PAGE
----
By Mark Ellis –
Since he started Emergency Ministry Services in 2007, Rick Yeomans has offered trauma counseling at 10 mass shooting sites — places etched in the memory like Sandy Hook, San Bernardino, Tree of Life Synagogue in Pittsburgh, and the Pulse Nightclub in Orlando. He also participated in the relief effort in Haiti following the 2010 earthquake.
Recently, he made his first trip to the Middle East as part of a team working with Horizons International. He went to the area of the horrific Beirut explosion caused by 2750 tons of ammonium nitrate improperly stored in a warehouse at the port, resulting in 204 deaths, 6500 injuries, and 300,000 left homeless.
One of the men he counseled had recently become a Christian before the explosion. He and his 12-year-old son were fishing on the shore at the time of the blast, which experts estimated carried the force of 1.1 kilotons of TNT.
“The boy saw a drone go by and moments later the explosion happened,” Rick says. The force of the blast blew both father and son into the water. The boy came up first, looking for his father. Then the father came up gasping. Neither one of them had any injuries or even a scratch on their bodies.
All the men who had been fishing near them were floating face down in the water, dead.
During his counseling sessions, he met a woman who had come to Beirut from Syria with her husband, escaping the ravages of the Syrian Civil War.
“They lived in a ghetto and a woman who had become a Christian invited her to church. Her husband wouldn’t let her go.”
She said, “I’m going anyway,” to the chagrin of her husband.
She had an encounter with Jesus at the church service and was born again.
Then something unexpected happened. A few days later her husband died.
“She began to pray for him, calling out the name of Jesus over his body. The neighbor lady who invited her to church heard a commotion and came over,” Rick reports.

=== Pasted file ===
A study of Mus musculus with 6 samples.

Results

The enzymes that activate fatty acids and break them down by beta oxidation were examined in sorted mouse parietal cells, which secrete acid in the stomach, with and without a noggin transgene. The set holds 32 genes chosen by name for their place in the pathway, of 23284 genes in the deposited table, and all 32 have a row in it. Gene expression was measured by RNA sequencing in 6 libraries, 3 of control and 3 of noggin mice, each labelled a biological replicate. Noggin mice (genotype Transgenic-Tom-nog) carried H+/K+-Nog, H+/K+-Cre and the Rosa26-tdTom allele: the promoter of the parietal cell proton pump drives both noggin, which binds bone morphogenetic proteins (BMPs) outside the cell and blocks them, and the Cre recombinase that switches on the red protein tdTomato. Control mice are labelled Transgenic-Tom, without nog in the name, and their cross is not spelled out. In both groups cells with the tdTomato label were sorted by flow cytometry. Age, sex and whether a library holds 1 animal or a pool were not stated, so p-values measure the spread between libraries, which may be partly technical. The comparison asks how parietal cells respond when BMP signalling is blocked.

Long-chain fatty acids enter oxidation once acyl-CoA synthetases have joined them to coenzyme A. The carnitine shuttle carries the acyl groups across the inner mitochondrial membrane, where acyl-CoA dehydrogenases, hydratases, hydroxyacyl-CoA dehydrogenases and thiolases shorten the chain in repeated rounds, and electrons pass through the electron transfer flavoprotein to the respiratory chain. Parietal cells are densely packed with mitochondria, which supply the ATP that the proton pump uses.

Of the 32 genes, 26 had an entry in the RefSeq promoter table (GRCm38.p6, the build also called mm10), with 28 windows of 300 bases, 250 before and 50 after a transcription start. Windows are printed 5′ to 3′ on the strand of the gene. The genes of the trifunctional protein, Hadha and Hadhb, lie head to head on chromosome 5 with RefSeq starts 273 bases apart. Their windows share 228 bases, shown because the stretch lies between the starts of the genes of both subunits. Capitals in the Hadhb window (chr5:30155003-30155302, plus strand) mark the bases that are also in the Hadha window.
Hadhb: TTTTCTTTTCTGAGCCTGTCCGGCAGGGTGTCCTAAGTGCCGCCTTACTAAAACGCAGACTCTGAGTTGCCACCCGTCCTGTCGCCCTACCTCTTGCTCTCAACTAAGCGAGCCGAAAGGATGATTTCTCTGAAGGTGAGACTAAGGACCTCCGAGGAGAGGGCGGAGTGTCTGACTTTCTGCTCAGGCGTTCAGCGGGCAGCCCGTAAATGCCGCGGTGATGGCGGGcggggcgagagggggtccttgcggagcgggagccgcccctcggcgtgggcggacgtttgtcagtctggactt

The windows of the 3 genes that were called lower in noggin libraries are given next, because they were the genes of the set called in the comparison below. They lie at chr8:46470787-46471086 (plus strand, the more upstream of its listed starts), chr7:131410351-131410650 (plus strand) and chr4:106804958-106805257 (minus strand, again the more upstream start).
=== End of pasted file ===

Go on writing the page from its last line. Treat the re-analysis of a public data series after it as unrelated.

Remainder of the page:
They began to pray over the woman’s husband. He body was cold and lifeless. “Ten minutes later he began blinking his eyes and stood to his feet. That Sunday he went to that church and gave his heart to Jesus!”
I am the resurrection and the life. He who believes in Me, though he may die, he shall live. And whoever lives and believes in Me shall never die. Do you believe this? (John 11:25-26)
During his stay in Beirut, Rick roomed with two young men, both Muslims who had come to Christ.
One of the young men, Odye, had become a Christian in Syria while at the university studying psychology.
He found Jesus at a bakery owned by a Christian. He saw such love and kindness emanating from the owner that one day he asked, “What makes you so happy all the time?”
“Jesus changed my heart and has given me a love for people,” the owner replied.
“I want that same love,” Odye told him, and he surrendered his heart and life to Jesus shortly after that.
“When he became a Christian his family put a death warrant on him,” Rick says. Odye began to boldly share his faith. “If you know about that part of the world, talking about Jesus is a dangerous thing to do. He was arrested by the government and put in prison, in a four by four cell.”
“They stripped him of his clothes and threw him in the prison in the dark. After a month he had not received one meal. He knew he was going to die. He was so terrified the guards would kill him if he said anything.”
Odye began to cry out to Jesus. “One night his cell filled with light and Jesus came to him in person, touched his forehead and said, “It’s going to be okay, trust me.”
“For two more months that man survived without eating a thing. He was released out of prison and the judge said, ‘Don’t ever share Jesus again.’
Odye fled Syria and went to Beirut, where he and another man roomed with Rick.
The trip sharpened Rick’s insights about life in the Middle East. “I saw the hardness and anger of the Muslim outlook on life. They are angry and distrustful,” he noted.
“Jesus is moving in that part of the world in a profound way. My faith grew. Can you be born again twice? I came home so filled and fired up. Sometimes we forget who we serve. We serve a God who can turn nations around. We serve a God who can raise the dead. We serve a God who can do things people say can’t be done. I got to see that every single day I was there.
“This is a place where women are walking around covered, but Jesus is walking the alley ways, saving people himself and revealing himself to people.”